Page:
What is Sampling Bias?
Sampling bias, also referred to as sample selection bias, refers to errors that occur in research studies when the researchers do not properly select their participants.
Ideally, people participating in a research study should be chosen randomly while still adhering to the criteria of the study. When researchers fail to select their participants at random, they run the risk of severely impacting the validity of their results and findings because their sample does not accurately reflect the population of interest.
An Example of Sampling Bias
Sampling bias is far too common in research, and it can even be committed by the most experienced professionals.
It is so common, in fact, that one of the most powerful and famous examples of sampling bias being committed on a grand and impactful scale occurred during the Truman-Dewey United States presidential race of 1948.
During the race, a political telephone survey was conducted nationwide. The results of the survey implied that Dewey would win over Truman in a heavy-handed landslide; however, the study failed to account for the fact that telephones were still a fairly revolutionary and expensive form of technology.
Due to the cost of telephones in 1948, only a small number of wealthy families owned them and kept them in their homes. Therefore, the political telephone survey was only presented to participants that were part of relatively wealthy families, and at the time, wealthy families tended to support Dewey while lower-middle class to lower class families were more likely to support Truman.
By failing to consider the population of Americans that owned telephones in 1948, the researchers conducting the telephone survey committed sampling bias. As a result, they received severely skewed response data.
Instead of distributing a more effective survey to a sample that more accurately represented the population of the United States at the time, the researchers ended up with inaccurate and unrepresentative insights.
The conductors of the survey were confident that Dewey would win the presidential race with ease, while in the end, it was Truman that ended up becoming the leader of the free world.
How to Avoid Sampling Bias in Research
Use Simple Random Sampling
One of the most effective methods that can be used by researchers to avoid sampling bias is simple random sampling, in which samples are chosen strictly by chance. This provides equal odds for every member of the population to be chosen as a participant in the study at hand.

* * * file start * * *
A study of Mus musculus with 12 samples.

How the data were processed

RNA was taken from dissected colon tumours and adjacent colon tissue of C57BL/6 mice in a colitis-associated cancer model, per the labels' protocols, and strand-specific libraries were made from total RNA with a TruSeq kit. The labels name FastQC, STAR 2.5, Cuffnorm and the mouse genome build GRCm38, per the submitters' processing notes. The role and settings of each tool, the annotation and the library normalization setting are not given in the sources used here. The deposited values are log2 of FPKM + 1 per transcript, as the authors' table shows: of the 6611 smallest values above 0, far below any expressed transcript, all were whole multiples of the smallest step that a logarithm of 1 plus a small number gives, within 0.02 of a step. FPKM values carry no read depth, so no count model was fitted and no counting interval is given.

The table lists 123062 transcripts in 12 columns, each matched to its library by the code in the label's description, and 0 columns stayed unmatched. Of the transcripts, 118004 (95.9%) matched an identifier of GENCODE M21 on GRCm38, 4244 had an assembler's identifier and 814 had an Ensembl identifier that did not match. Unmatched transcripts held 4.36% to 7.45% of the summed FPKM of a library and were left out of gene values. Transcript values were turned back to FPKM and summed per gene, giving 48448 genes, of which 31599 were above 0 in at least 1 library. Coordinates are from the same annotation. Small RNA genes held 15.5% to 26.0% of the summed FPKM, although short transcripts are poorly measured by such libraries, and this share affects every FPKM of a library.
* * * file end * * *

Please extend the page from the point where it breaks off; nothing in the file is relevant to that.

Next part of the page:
The great thing about simple random sampling is that no effort is required by your potential participants.
For example, a computer can be used to randomly select names from a master list, and the selected names can become participants in the study. Similarly, random selection can be performed on a graphic calculator by using the command “Rand.”
Related: The Methods of Probability Sampling
Use Stratified Random Sampling
Another method that can be used to avoid sampling bias is stratified random sampling.
Stratified random sampling allows researchers to examine the population that they will be working with in their study, and comprise an accurately representative sample accordingly.
For example, stratified random sampling is effective if there are 1,000 individuals in a population and 10 people from the population are required to conduct a study. If 500 members of the population are women, and 500 members of the population are men, then the researchers’ sample should accurately reflect this.
This means that the sample must be comprised of five women and five men.
Stratified random sampling enables the researchers to become aware of this information prior to building their sample, which allows them to avoid sampling bias.
Sampling bias is far too common in research, and can even be committed by the most experienced professionals.
As such, it’s imperative to check and double check your methodology for creating accurately representative samples while considering the launch of a new research project.
Do you have a sampling bias horror story that you’d be willing to share? If so, we want to hear it! When did sampling bias end up skewing the results of one of your studies? Sound off in the comments!